White House Announces They are Focusing on Therapeutics and Vaccines so Americans Don’t Die From the Virus, Rather Than Taking Measures to Control It
Over the weekend, White House Chief of Staff Mark Meadows said on CNN, "We are not going to control the pandemic. We are going to control the fact that we get vaccines, therapeutics and other mitigation areas.” minute 1:54 on this video
This has given us a perfect opportunity to compare an industrial response to a situation with a lifely response.
The Industrial Consumer Response to Covid-19
When I heard that the White House plan is to do nothing to control or prevent covid-19 in America but instead make sure that those who become ill have therapeutics and vaccines so they don’t die, my first thought was, “Well, this is a typical industrial response.”
The industrial viewpoint is that individuals should do nothing to take responsibility or care for themselves, but instead wait until things get unbearable and then turn to industrial products to solve the problem. This might be a toxic cleaning product or a visit to the doctor for a drug, or any one of the other industrial consumer solutions.
Now that the White House has announced this is their plan, it’s clear that this has been the plan all along—to create demand for industrial consumer products that will help Americans survive the virus.
This is not a conspiracy theory. This is business as usual for the industrial economic system. Drug companies (and probably our President) will make money while more than a quarter of a million Americans have already died and the economy is in shambles. But industrial manufacturers will make their profit as soon as they develop their products.
Our Lifely Response to Covid-19
But there is another way.
For Larry and me, responding to the covid challenge is about responsibility and self-determination. This pandemic is not going to be solved by the national government. We don’t need a vaccine. We just need everyone to take care of themselves and each other.
We have learned that Life has laws. When you follow the laws you get a result of health and happiness.
The covid laws are:
- intend good health
- do the standard “good health” actions like eating good food, breathing clean air, exercise, sleep, reducing stress and no smoking or drugs
- monitor your own health and the health of those you live with and are in close contact with. Agree with others close to you that you will all take precautions about exposure.
- wear a mask when you are out and about and keep your distance.
- support your immune system
As a spiritual being, my viewpoint is that I create my own reality, regardless of what is happening around me. And so while others are succumbing to the virus, Larry and I and our whole household do not have covid-19. We are not afraid of having it because we keep our distance from others, we wear our masks when we are around people other than our family, and we support our immune systems. Last weekend for the very first time in all these months I met someone who had had covid and recovered. It’s just not in my immediate environment.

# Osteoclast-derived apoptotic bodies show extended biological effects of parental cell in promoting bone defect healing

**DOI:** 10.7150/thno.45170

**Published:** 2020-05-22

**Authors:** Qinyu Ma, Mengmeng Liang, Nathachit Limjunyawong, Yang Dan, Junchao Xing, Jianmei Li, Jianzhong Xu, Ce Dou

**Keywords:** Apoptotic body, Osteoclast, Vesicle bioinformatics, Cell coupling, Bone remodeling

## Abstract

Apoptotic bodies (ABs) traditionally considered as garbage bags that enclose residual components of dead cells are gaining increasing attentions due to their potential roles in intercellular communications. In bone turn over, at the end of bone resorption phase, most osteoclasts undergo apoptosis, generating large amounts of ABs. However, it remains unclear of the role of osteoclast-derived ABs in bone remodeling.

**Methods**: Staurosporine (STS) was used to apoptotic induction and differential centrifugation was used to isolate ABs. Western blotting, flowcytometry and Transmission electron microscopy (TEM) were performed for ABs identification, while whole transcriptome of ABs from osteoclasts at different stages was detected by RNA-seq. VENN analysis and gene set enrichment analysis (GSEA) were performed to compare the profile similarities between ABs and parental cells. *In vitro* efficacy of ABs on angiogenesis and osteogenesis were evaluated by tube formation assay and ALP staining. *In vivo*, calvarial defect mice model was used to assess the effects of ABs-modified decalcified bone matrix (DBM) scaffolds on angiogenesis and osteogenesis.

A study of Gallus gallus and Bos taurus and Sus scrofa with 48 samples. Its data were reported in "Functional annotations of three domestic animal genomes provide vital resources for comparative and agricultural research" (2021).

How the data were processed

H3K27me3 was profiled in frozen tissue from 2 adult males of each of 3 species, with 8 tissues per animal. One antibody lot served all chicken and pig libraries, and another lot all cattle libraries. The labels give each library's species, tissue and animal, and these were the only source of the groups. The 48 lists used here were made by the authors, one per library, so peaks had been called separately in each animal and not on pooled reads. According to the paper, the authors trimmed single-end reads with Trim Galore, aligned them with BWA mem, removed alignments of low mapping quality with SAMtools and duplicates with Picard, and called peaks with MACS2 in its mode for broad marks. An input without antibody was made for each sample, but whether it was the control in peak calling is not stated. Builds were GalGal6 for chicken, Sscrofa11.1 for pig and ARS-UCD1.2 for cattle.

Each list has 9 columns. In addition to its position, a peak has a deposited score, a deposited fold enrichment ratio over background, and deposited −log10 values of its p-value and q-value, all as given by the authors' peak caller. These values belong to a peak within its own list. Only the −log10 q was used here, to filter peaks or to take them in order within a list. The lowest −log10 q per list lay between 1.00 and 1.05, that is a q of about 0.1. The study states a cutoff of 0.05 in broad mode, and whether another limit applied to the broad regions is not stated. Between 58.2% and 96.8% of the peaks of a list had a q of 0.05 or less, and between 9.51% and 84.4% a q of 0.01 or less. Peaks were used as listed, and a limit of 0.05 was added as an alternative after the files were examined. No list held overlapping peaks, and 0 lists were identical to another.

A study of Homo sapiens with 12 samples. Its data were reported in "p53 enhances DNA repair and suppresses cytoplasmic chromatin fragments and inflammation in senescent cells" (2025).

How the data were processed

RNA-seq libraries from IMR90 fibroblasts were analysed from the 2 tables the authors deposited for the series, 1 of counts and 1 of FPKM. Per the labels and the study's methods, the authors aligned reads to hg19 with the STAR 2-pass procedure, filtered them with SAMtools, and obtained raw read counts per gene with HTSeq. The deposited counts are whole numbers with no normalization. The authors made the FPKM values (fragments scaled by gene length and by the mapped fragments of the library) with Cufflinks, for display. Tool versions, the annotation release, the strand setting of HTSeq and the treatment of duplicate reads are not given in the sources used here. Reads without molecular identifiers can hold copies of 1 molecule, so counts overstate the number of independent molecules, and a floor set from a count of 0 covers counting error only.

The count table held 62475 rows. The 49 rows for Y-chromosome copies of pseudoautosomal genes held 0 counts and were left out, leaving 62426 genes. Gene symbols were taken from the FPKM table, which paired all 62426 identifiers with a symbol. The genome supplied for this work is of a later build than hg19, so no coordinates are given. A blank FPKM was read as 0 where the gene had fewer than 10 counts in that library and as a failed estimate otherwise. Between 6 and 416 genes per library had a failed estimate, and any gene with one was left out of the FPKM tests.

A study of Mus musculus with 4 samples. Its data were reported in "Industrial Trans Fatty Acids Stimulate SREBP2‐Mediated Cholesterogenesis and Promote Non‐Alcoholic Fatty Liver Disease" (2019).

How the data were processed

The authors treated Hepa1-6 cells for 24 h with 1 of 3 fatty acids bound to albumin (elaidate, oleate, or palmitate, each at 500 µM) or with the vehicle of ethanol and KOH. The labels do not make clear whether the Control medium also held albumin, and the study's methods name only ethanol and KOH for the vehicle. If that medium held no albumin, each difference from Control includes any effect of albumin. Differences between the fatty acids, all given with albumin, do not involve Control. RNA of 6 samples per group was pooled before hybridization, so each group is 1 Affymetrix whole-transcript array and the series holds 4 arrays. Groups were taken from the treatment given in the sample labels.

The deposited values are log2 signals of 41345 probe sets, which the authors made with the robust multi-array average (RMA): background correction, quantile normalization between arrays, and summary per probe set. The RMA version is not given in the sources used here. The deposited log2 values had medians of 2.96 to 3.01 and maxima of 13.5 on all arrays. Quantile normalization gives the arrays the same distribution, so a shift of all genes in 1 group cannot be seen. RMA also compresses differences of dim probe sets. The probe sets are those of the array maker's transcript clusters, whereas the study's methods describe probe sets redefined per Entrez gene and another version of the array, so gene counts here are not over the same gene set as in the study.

That’s it. This is what is working for us and it can work for you too.
Feel free to leave a comment about what you are doing to stay healthy or ask any questions about staying safe from covid.
This is from an email sent to me by The New York Times. I don’t know how to give a link to it.
The power of mask mandates
They’re restrictive, tedious and hotly contested, but since the early days of the pandemic we’ve known masks to be an efficient and cost-effective way to help prevent the spread of the coronavirus.
And they’re even better, it turns out, when you oblige people to wear them.
Take Kansas, where a real-world experiment in face coverings emerged this summer. In early July, Gov. Laura Kelly, a Democrat, issued a statewide mask order, but was forced to let counties opt out of it under a law limiting her emergency management powers.
Only 20 of the state’s 105 counties enforced the order, which required residents to wear masks in public. Those 20 counties saw half as many new coronavirus infections as the counties that did not have the mandate in place, according to a new study from the University of Kansas.
Cellphone-tracking data from the University of Maryland showed no differences in how often people left home in the counties with or without mask mandates, so it seemed likely that the masks made the difference.
Experts say it’s part of a countrywide trend: Localities that impose mask mandates often see fewer cases, fewer hospitalizations, fewer deaths and lower test-positivity rates than nearby localities that do not.
Other studies have turned up similar results in Alabama, Oklahoma, South Carolina and Texas. A recently published report from the Centers for Disease Control and Prevention found a 75 percent drop in coronavirus cases in Arizona less than a month after mask-wearing became enforced and bars and gyms were shuttered.
Of course it's up to you to make your own decision about this, but wearing our masks has been working for us.